Linwood residents feel left out of debate on new library site

February 24, 1994|By Traci A. Johnson | Traci A. Johnson,Sun Staff Writer

County officials want to put a library in the Union Bridge/New Windsor area sometime in the future. At least one county commissioner believes the site should be Linwood, midway between the towns.

Officials from both towns want the branch in their town, but Union Bridge is agreeable to a Linwood site if absolutely necessary. New Windsor officials are against a Linwood site.

But what do Linwood residents want?

"Nobody asked us. Hadn't heard a thing about it except from what you read in the paper and rumors," said Earl Hyde Jr., a 72-year-old Linwood resident. "If they had asked me, I would have told them I don't want any part of it."

It's the continuing story of the little library that isn't.

Union Bridge and New Windsor officials have been volleying for the library without success for several months.

Commissioner Donald I. Dell discussed with the mayors of both towns in January the idea of putting the library in Linwood on land that would be donated by Lehigh Portland Cement Co.

Although a lack of money and more-important capital projects in the county's budget have pushed the northwest library plan back for at least a few years, some Linwood residents are still concerned that the library might be built in their 12-house community.

Commissioner Elmer C. Lippy said he has received several letters from Linwood residents who are upset that they were not asked their opinion on the subject.

He said there are practical reasons supporting a library in Linwood, but he "is concerned" about the choice and will need to be convinced before agreeing to it as a site.

"The site fits in geographically with [the county's] plans for libraries," said Mr. Lippy, adding that the North Carroll library in Greenmount is between Hampstead and Manchester.

"Although Lehigh [Portland Cement Co.] has offered us the land free, I sort of feel the way the people in Linwood do," he said. "I don't think it would be a suitable site. It is such a quiet little place."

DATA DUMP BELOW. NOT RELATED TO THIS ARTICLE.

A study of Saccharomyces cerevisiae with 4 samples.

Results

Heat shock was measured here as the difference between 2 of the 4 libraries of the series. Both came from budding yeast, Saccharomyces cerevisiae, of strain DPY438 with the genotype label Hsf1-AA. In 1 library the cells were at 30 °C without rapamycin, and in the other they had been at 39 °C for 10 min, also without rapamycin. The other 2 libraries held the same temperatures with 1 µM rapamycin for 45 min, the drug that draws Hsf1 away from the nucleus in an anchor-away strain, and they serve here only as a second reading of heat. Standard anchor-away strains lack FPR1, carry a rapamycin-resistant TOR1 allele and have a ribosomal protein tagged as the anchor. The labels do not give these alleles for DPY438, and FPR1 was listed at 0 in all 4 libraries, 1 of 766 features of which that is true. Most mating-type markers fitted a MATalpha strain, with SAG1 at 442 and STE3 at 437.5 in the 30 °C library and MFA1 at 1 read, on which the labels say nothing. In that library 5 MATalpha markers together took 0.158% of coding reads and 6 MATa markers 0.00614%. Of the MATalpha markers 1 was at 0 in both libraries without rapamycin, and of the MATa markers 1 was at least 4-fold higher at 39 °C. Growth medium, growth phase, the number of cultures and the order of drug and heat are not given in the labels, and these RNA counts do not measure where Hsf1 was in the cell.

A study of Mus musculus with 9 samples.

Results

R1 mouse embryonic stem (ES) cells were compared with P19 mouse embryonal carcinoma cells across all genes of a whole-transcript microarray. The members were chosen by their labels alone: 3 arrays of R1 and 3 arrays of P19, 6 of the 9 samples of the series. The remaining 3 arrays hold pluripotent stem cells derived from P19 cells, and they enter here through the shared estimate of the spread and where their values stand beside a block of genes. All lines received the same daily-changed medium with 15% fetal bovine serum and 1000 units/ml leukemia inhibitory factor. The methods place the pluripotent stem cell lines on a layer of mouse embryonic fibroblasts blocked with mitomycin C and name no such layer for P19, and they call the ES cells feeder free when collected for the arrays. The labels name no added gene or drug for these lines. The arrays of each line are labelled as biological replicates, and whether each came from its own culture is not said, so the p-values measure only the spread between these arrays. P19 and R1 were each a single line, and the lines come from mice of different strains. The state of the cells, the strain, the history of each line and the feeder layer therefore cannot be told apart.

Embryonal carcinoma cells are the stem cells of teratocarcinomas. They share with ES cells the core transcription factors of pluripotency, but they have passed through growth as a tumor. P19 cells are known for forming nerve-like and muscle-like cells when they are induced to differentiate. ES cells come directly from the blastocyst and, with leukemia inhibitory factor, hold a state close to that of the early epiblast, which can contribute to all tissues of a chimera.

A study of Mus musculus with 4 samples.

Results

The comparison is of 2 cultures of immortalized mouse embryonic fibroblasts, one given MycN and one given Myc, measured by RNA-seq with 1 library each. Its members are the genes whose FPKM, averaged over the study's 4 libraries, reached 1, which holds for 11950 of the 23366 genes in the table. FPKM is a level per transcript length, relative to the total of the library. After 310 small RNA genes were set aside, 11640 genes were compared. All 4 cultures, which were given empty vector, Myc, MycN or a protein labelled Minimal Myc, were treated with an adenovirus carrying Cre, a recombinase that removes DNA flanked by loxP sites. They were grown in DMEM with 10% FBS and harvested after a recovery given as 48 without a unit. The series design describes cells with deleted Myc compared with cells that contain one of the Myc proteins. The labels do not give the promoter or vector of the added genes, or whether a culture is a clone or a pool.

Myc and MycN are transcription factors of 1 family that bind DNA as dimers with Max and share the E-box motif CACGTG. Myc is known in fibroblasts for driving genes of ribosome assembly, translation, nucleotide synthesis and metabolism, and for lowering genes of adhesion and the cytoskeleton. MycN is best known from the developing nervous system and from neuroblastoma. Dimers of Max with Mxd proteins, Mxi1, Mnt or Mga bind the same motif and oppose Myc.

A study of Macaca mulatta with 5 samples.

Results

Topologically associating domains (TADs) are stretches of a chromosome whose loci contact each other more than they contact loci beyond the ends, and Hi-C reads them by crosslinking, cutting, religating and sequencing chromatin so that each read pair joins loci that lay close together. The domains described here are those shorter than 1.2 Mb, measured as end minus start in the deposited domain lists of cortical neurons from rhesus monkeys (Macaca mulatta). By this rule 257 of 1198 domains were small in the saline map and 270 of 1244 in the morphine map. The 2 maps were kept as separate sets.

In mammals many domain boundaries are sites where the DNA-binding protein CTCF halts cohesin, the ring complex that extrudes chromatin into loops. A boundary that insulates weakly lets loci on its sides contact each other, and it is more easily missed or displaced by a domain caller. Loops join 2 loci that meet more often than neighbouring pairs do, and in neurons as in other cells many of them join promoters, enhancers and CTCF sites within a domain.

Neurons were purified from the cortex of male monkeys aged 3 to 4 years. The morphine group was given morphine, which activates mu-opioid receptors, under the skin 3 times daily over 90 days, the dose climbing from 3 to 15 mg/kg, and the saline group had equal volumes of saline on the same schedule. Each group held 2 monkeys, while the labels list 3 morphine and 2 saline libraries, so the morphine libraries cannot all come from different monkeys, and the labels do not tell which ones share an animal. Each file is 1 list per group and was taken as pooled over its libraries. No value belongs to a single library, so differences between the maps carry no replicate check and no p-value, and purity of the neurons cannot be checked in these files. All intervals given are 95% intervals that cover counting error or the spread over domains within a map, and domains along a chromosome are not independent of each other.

That's pretty much the description Mr. Hyde will give you of his home for the past 24 years.

Mr. Hyde is called "the mayor of Linwood" by some folks. "I ran unopposed and almost didn't make it," he jokes.

He said he doesn't know why anyone would want to put a library such a tiny enclave.

His house sits back off the town's only street, McKinstry's Mill Road, north of the Linwood Brethren Church and south of the Linwood Trading Post, which mark the boundaries of town off Route 75.

"Our claim to fame is a feed mill and a church. We used to have a post office, but they took that away about a year ago, like they did in a lot of other little towns," said Mr. Hyde. "I'd hate to see Linwood change. That may be a little selfish, but that's the way I feel. It's just an old country village."

It's that village scene that William I. C. Knight, 78, a longtime resident of the area, said needs to be seen by "the people sitting behind the desks making these decisions."

"I'm not for it. I don't think it's the right location," said Mr. Knight, who has lived in the area for 46 years. "Too much of an impact on the residents out here."

His wife Louise, 73, was born in the area and went to school in Linwood -- when the community had one.

Mr. Hyde and Mr. Knight said they were concerned about traffic and accidents on the narrow, winding McKinstry's Mill Road.

Mr. Knight added that much of the land Lehigh owns around the town becomes flooded after a rainfall, like most Linwood property. And putting a public building in a town without a municipal sewer and water system would be costly and a big mistake, he said.

"There are families out here who have had problems with their [septic] systems because their sewage would surface," Mr. Knight said. "Let's just say that an average of 500 people used the library, and that's conservative, I think. There would be a lot more sewage than from a family."

Mr. Knight said he feels strange passing judgment on the library because he only knows "what's been in the papers and what people around here have said."

But he said he has no choice but to disapprove when county officials have said nothing to residents about the project.

"We have too many people sitting behind their desks and not seeing the land itself," Mr. Knight said. "If anyone would take the time to come out here and look at the place, they would understand."

But L. A. White, a Linwood resident with three children, welcomes the idea.

"It will obviously be an advantage for us. I can't really see who it will be a disadvantage for," said Mr. White, whose children Meghann, 11, Alicia, 8, and Keegan, 5, attend New Windsor Middle and Elmer Wolfe Elementary. "Linwood itself may be little more than a few houses, but in the outside areas there has to be that and many more."

Baltimore Sun Articles
|
|
|
Please note the green-lined linked article text has been applied commercially without any involvement from our newsroom editors, reporters or any other editorial staff.